ST. PAUL, Minn. — Their rivalry is one of the best in college hockey right now because both teams are having tremendous seasons. Colorado College and Denver, located about 70 miles apart on the Front Range of the Rocky Mountains, shared the MacNaughton Cup as WCHA regular-season champions.
Now, they’ll get another game to decide who’s best. Colorado College overcame a pro-Minnesota crowd of 17,794 at the Xcel Energy Center to down the Gophers 3-0 Friday in a WCHA Final Five semifinal and advance to the championship game for a rematch with the Pioneers.
And they won’t be able to split this title.
The Tigers, in search of their first Broadmoor Trophy, got two goals and an assist by Hobey Baker Award finalist Brett Sterling for their third straight win over Minnesota in the Twin Cities.
“If we had to pick any team, I think Denver would be one of those teams that you want to play,” Colorado College goaltender Curtis McElhinney said. “I know they’ve got a great team this year, they’ve had a lot of success so far. We’ve both come away with two games [in the season series], so we’re both looking forward to it and this’ll be a good chance to decide the championship.”
And get the bragging rights. McElhinney made 34 saves to become the first goaltender to blank Minnesota since the first game of the 2003-04 season and got some help from a disallowed goal to help his team all but wrap up a No. 1 seed for the NCAA tournament.
McElhinney, the WCHA’s first-team goaltender and a likely All-American, improved to 19-2-1 this season by frustrating the Gophers all night.
The second-seeded Tigers (29-7-3) were outshot 32-22, including 14-5 in the third period when the Gophers (26-13-1) mounted a rally. But third-seeded Minnesota’s fate may have been decided early in the game when a decision unexpectedly went in CC’s favor.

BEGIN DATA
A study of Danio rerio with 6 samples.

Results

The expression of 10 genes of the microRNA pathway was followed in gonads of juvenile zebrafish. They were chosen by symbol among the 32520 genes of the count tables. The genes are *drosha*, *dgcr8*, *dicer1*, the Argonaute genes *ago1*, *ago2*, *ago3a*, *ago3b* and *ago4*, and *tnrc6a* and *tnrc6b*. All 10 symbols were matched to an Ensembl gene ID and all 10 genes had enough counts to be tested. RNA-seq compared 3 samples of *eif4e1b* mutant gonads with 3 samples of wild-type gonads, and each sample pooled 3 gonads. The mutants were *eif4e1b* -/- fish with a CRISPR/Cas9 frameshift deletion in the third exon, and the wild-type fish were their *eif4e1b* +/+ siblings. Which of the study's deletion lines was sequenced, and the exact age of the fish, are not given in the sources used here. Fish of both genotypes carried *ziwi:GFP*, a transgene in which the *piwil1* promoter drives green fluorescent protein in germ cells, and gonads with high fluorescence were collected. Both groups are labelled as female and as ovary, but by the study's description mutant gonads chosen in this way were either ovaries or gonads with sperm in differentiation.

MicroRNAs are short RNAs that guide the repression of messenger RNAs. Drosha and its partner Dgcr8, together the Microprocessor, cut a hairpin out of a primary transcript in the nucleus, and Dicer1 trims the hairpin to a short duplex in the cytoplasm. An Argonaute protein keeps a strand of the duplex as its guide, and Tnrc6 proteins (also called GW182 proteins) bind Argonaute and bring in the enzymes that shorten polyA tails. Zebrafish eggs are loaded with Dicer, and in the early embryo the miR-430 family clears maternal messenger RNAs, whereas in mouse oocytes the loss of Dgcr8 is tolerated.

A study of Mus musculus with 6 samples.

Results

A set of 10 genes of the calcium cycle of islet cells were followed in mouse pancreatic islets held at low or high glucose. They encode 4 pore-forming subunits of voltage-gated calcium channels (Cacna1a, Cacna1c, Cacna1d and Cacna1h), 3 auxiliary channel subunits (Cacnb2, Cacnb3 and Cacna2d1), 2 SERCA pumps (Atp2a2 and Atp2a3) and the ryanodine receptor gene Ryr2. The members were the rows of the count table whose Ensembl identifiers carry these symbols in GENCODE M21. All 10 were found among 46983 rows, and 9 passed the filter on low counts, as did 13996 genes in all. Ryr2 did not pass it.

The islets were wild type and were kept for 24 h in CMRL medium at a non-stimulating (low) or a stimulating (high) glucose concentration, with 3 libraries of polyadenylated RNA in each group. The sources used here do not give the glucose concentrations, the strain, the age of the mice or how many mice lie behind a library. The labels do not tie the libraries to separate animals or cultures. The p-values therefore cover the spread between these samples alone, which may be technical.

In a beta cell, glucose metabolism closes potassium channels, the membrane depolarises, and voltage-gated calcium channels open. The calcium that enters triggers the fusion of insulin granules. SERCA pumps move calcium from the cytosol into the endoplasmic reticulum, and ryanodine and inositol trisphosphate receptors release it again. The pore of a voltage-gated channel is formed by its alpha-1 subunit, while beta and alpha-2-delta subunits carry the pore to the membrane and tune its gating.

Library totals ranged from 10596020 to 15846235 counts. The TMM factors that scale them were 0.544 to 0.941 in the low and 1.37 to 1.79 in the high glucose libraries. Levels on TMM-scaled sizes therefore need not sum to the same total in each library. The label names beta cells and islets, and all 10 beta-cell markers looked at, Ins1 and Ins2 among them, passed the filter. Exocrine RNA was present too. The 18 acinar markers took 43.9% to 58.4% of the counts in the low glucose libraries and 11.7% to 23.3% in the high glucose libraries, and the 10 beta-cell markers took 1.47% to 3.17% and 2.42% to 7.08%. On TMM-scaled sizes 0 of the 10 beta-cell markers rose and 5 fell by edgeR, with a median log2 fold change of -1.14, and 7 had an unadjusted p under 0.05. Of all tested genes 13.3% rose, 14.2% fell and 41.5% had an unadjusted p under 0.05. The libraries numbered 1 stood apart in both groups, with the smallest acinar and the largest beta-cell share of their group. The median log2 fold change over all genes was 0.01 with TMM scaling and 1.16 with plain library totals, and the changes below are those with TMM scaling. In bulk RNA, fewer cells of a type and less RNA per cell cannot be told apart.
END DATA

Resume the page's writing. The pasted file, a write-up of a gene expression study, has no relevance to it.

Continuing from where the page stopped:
The Gophers appeared to take a 1-0 lead early in the second period when Mike Howe fired a wrist shot high past McElhinney. But the video review given to all goals revealed that Minnesota’s Danny Irmen had part of his skate blade in the crease when the puck went in the net and the goal was disallowed.
Just 14 seconds later, Sterling scored his first goal of the night, beating Minnesota goaltender Justin Johnson high to the short side on a rush up the right wing.
“When we found out that goal was disallowed, it gave our team a lot of energy,” Sterling said. “The crowd got really pumped up at first and it kind of took a little wind out of their sails, knowing the goal was disallowed. We just wanted to go from there and establish ourselves.”
Just as it propped up one team, it deflated the other.
“It was just a complete change in momentum there,” Minnesota forward Gino Guyer said. “We were feeling good on the bench and when it’s disallowed you sag a little bit and they come down and score. I could definitely tell we sagged a little bit after that time.”
Sterling assisted on Aaron Slattengren’s 11th goal of the season just under five minutes later for a 2-0 lead, intercepting a blind backhand pass by Minnesota defenseman Chris Harrington and firing a shot on Johnson, who made the save. But Slattengren slid the rebound under the goaltender for a power-play goal.
Sterling scored his second goal of the game and 32nd of the season on an odd play just under five minutes into the third period. He rifled a wrist shot off the crossbar, and while the goal judge incorrectly turned on the red light, Sterling collected the rebound and banked it in off Johnson’s leg.
“He’s obviously a top player in the league,” Johnson said, “and he showed it tonight.”
Minnesota had its chances, especially early before the Tigers cracked down on defense. Jerrid Reinholz hit the crossbar early in the game and Tyler Hirsch missed an open net with a one-time slap shot off a McElhinney turnover in the second period.
The Gophers had five cracks at the power play and often got the puck near the crease but couldn’t get the bounces to go their way.
“I think the difference tonight was their all-league players played like all-league players,” Minnesota coach Don Lucia said.
The Tigers swept the Gophers at Mariucci Arena in January and have won three straight against Minnesota since losing 7-2 in Colorado Springs on Dec. 4.
Now they get to turn their attention back to their close rival, with whom they’ll share a charter flight back to Colorado after Saturday’s game. The Tigers and Pioneers split the season series 2-2 and split their games on the final weekend of the regular season, giving each half a share of the MacNaughton Cup.
“I’m excited for the game,” Sterling said. “This year has been a great battle between us and Denver all year long, getting co-champions. It all comes down to one game for the Broadmoor Trophy, so it doesn’t get much better. The flight might be a little bit more interesting than it was on the way out, but it’s no big deal. At least they’ve got two separate sides of the plane.”